Using gtk::Application

Before we begin, we need to add some utility functions that we'll be using throughout the application. We will be spawning a background thread and executing tasks on it, so we'll need a convenience function for fetching the thread-default context. Likewise, we're going to spawning tasks on the global default context, so we'll need that here as well.

fn main() {
use std::future::Future;

pub fn thread_context() -> glib::MainContext {
        .unwrap_or_else(|| {
            let ctx = glib::MainContext::new();

pub fn spawn<F>(future: F) where F: Future<Output = ()> + 'static {

This time we will create a GTK application using the proper gtk::Application setup process. This will take care of initializing GTK for you, and registers your application with an application ID so that you can prevent your application from spawning multiple instances.

extern crate cascade;

mod app;
mod background;
mod widgets;
mod utils;

use self::app::App;
use gio::prelude::*;

/// The name that we will register to the system to identify our application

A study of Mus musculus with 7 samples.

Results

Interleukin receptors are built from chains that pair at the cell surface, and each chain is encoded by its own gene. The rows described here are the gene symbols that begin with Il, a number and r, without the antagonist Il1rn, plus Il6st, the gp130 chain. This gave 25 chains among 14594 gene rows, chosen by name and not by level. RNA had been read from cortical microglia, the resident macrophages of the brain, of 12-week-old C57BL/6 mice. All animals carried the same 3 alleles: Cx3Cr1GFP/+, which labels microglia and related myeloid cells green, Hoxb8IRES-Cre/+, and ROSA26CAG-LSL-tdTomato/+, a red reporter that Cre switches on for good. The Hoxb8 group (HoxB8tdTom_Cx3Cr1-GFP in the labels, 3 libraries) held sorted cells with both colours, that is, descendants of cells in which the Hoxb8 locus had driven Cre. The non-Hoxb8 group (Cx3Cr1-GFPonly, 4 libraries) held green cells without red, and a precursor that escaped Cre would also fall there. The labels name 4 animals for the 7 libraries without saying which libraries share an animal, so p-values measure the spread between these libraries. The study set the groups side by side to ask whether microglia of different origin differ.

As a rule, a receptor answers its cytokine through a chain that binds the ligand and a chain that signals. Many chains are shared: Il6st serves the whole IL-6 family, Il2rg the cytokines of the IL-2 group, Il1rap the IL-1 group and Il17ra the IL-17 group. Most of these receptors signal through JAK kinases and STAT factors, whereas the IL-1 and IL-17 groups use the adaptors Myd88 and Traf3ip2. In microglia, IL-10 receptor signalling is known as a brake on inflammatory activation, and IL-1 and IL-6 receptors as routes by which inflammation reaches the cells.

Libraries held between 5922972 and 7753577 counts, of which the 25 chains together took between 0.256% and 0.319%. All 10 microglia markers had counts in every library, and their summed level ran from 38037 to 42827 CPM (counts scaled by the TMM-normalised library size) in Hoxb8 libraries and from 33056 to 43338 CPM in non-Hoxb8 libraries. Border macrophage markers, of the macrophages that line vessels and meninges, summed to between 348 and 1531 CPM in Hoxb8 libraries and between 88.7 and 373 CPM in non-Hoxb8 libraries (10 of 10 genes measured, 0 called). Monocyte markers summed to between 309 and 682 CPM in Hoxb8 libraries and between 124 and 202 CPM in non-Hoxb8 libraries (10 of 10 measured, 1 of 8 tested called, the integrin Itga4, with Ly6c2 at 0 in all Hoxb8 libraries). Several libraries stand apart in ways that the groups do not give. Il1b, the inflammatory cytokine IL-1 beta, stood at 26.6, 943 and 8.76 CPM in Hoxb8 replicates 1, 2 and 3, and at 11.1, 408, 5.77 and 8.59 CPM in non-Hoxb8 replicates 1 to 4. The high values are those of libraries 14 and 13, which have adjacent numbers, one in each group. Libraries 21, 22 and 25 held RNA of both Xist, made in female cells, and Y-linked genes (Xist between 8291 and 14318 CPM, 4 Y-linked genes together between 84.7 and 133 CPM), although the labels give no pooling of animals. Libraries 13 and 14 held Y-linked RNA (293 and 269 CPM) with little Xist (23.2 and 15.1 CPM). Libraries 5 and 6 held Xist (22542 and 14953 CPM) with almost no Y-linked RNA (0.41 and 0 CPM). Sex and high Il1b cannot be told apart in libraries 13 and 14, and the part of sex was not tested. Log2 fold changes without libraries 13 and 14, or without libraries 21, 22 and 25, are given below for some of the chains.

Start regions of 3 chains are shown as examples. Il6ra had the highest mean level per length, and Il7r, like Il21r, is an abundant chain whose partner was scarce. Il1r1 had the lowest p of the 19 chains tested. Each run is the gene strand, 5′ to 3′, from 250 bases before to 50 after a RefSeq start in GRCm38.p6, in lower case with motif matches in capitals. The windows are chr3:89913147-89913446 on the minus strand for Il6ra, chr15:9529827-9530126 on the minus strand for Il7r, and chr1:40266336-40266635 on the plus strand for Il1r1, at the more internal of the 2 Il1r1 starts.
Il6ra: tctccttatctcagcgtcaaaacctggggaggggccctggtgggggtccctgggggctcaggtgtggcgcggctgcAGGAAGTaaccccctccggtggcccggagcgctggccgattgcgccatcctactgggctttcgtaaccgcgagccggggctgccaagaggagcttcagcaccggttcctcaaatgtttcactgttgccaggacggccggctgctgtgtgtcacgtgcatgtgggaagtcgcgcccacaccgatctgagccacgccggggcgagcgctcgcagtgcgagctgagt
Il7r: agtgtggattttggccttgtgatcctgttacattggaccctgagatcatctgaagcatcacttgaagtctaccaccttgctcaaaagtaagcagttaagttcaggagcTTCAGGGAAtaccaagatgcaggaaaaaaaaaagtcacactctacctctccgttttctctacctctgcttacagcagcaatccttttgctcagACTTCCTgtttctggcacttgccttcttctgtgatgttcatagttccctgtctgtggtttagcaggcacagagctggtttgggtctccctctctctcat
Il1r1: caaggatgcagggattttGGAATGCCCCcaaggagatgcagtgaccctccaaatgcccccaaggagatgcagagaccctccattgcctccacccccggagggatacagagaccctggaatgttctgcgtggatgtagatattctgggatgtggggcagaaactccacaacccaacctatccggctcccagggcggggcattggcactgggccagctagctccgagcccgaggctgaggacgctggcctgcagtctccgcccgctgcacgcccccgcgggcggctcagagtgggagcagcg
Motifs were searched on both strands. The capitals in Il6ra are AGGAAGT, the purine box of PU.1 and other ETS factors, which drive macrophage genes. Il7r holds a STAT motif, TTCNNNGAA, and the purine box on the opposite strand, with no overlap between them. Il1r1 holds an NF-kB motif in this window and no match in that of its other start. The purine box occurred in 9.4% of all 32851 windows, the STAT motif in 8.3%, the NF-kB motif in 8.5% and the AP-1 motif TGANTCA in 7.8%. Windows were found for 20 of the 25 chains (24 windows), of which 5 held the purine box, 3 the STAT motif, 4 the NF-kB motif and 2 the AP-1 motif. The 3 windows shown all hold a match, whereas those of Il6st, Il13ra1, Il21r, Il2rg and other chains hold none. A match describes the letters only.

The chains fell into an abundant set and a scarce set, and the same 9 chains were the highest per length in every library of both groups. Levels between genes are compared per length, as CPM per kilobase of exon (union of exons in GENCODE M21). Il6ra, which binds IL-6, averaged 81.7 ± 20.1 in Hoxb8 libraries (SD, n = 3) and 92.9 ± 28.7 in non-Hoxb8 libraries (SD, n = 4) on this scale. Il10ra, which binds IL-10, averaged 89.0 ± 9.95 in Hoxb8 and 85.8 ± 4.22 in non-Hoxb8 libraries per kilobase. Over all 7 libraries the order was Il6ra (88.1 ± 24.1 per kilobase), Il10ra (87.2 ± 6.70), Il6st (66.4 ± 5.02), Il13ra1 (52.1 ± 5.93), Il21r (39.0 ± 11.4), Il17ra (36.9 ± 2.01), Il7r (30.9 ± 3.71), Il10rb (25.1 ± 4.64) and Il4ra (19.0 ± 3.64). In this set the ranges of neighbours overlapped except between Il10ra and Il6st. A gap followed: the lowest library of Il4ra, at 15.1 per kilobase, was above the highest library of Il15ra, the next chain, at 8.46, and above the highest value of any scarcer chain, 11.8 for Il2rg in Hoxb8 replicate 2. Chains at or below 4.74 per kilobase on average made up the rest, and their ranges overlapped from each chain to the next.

pub const APP_ID: &str = "io.github.mmstick.ToDo";

fn main() {
    let app_name = "Todo";


    // Initializes GTK and registers our application. gtk::Application helps us
    // set up an application with less work
    let app = gtk::Application::new(
    ).expect("failed to init application");

    // After the application has been registered, it will trigger an activate
    // signal, which will give us the okay to construct our application and set
    // up our application logic. We're going to use `app` to create the
    // application window in the future.
    app.connect_activate(|app| {
        let (tx, rx) = async_channel::unbounded();

        let mut app = App::new(app, tx);

        let event_handler = async move {
            while let Ok(event) = rx.recv().await {
                match event {



    // This last step performs the same duty as gtk::main()[]);

Calling gtk::Application::new() will run gtk::init() and register your application by the APP_ID that we defined. The general practice for application IDs is to use Reverse domain name notation (RDNN). gtk::Application::connect_activate() signals that GTK is ready for us to construct our application window and set up all of our application logic. This method receives a reference to the gtk::Application itself, which we will later use to create the gtk::ApplicationWindow, which is our top level gtk::Window for our application. gtk::Application::run() will then invoke gtk::main() to set the whole process in motion.